When William Ellery “Wilber” James was initiated into Kenya’s Tharaka tribe in 1971, elders named him M’Mugira – “the one who goes away and returns with something precious.” It’s a name typically reserved for horse thieves.
In James’ case, though, the name honored the $50,000 he obtained for the region’s first high school, which he established while serving in the Peace Corps. In the years that followed, he’s lived a vibrant life of service that included creating the prototype for the AmeriCorps community service program; co-founding Catholic University in Angola; and pursuing a 40-year career as a global energy entrepreneur.
James spoke at the President’s Lyceum on Tuesday, Jan. 22, accompanied by his wife, Janet. The event, hosted by Palm Beach Atlantic President William M.B. Fleming, Jr., and his wife, Pam, allows distinguished visitors to share their experiences and insights with the PBA students who convene for dinner and discussion.
A small boy with undiagnosed dyslexia and ADD, James had a difficult childhood. “I was a terrible student,” he said. “I was called slow. As a little boy I knew I was different. I knew that things weren’t going well for me. I had to find a way to get through life, so I started to study people. I started to figure out if I could understand what they’re doing, maybe I could get them not to pick on me. What I learned as a child is that people are important. I took a bad situation and turned it into a good one. For the rest of my life, I’d sit across a business table from somebody and I could figure out what that person wanted, and it really served me well.”
Keen to grow and create, James’ life took a fascinating series of turns. At college in Denmark, he majored in Eskimo Administration. He went into the Peace Corps, ultimately serving in Kenya after the Libyan government fell to a strongman named Muammar Gaddafi. James built the Tharaka Secondary School; it went up brick by brick, because the village’s brick-making machine made only one at a time. He worked as a carpenter. He and Joseph P. Kennedy II pioneered Citizens Energy Corp., a not-for-profit energy company that gave away more than $60 million in home heating oil grants to needy New Englanders. Later, to help subsidize that work, he would expand into for-profit energy trading, conservation, and exploration. At 73, he remains in leadership with RockPort Capital Partners, a venture capital firm specializing in energy.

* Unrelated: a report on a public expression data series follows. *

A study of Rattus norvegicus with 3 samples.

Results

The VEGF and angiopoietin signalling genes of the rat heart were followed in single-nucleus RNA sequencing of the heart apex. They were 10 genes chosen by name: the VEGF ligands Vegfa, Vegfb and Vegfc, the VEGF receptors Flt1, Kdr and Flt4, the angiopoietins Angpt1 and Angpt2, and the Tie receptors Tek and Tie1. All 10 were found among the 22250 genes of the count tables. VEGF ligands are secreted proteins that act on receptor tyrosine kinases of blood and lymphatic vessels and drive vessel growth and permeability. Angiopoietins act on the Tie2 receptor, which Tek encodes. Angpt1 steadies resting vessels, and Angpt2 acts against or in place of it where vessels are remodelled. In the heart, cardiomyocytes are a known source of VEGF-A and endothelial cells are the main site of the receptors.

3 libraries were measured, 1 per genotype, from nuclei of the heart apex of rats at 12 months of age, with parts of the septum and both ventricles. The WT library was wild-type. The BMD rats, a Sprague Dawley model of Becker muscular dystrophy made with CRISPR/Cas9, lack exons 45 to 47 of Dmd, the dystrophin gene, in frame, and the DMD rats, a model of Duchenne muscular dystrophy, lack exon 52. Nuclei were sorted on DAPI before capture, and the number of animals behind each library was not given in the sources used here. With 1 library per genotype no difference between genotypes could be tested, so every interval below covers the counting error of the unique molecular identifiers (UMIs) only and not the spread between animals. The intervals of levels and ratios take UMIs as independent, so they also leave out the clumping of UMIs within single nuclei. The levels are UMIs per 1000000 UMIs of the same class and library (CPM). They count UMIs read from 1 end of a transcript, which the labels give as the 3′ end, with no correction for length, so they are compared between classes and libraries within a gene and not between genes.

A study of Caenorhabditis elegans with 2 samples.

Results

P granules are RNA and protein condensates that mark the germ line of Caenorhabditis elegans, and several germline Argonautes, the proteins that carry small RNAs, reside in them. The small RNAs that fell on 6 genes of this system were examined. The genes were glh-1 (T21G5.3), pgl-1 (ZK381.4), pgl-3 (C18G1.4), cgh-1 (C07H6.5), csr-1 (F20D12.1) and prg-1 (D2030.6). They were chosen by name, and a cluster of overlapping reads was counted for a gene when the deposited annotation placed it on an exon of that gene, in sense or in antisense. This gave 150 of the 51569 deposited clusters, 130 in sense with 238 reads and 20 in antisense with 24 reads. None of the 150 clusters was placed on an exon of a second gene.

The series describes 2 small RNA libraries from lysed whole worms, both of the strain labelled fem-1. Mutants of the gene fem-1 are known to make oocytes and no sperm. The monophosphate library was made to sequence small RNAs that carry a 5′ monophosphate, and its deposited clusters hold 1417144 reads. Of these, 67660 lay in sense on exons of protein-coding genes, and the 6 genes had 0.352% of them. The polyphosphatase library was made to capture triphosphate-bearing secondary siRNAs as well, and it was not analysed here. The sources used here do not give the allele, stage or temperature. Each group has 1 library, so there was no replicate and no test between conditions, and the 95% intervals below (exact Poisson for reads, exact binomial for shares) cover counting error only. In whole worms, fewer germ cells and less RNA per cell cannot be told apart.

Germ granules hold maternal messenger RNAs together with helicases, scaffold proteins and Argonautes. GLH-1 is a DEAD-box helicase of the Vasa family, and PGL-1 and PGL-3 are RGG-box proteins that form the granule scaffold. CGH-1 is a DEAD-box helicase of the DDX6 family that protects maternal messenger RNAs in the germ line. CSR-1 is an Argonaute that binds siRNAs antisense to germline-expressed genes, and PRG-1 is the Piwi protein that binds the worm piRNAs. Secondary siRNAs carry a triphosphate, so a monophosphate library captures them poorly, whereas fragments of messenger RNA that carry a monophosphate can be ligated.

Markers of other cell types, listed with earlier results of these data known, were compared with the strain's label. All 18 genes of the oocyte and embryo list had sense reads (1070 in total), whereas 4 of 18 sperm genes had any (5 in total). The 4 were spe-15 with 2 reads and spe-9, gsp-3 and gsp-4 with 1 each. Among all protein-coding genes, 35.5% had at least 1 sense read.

The constant? The relationships he’s formed along the way. “Everything in my life is connected by a dotted line. Everybody I’ve ever met, everything I’ve ever done,” he said. “The individuals that I’ve met along the way are the keys to my life.”
He shared 22 pieces of wisdom for the students to take away, and many of those centered around relationships as well: Make new friends throughout your lives. Bring people together. Be a mentor. Seek out mentors.
James concluded with an appeal to the students to grasp the value of hard work. “I think the power of positive thinking, high energy, innovation and creativity, with hard work, are the keys to my success,” he said. “I still have a sense of childlike wonder every morning that I get up. My hope is to serve. My hope is to serve other people. My hope is to make the rest of my life meaningful.”
Lucson Pierre, a sophomore computer science major attending his first President’s Lyceum, said, “There’s not a thing that Mr. James spoke about today that I haven’t wrestled with.” Lucson, who lived in Haiti until he was 17 and served a 7-year tour in the U.S. Marine Corps, had his own struggles in school. As he matured, he also spent a lot of time wondering about how to help people and how to implement novel ideas, much as James has. “I’m going to be thinking about this night for a long time.”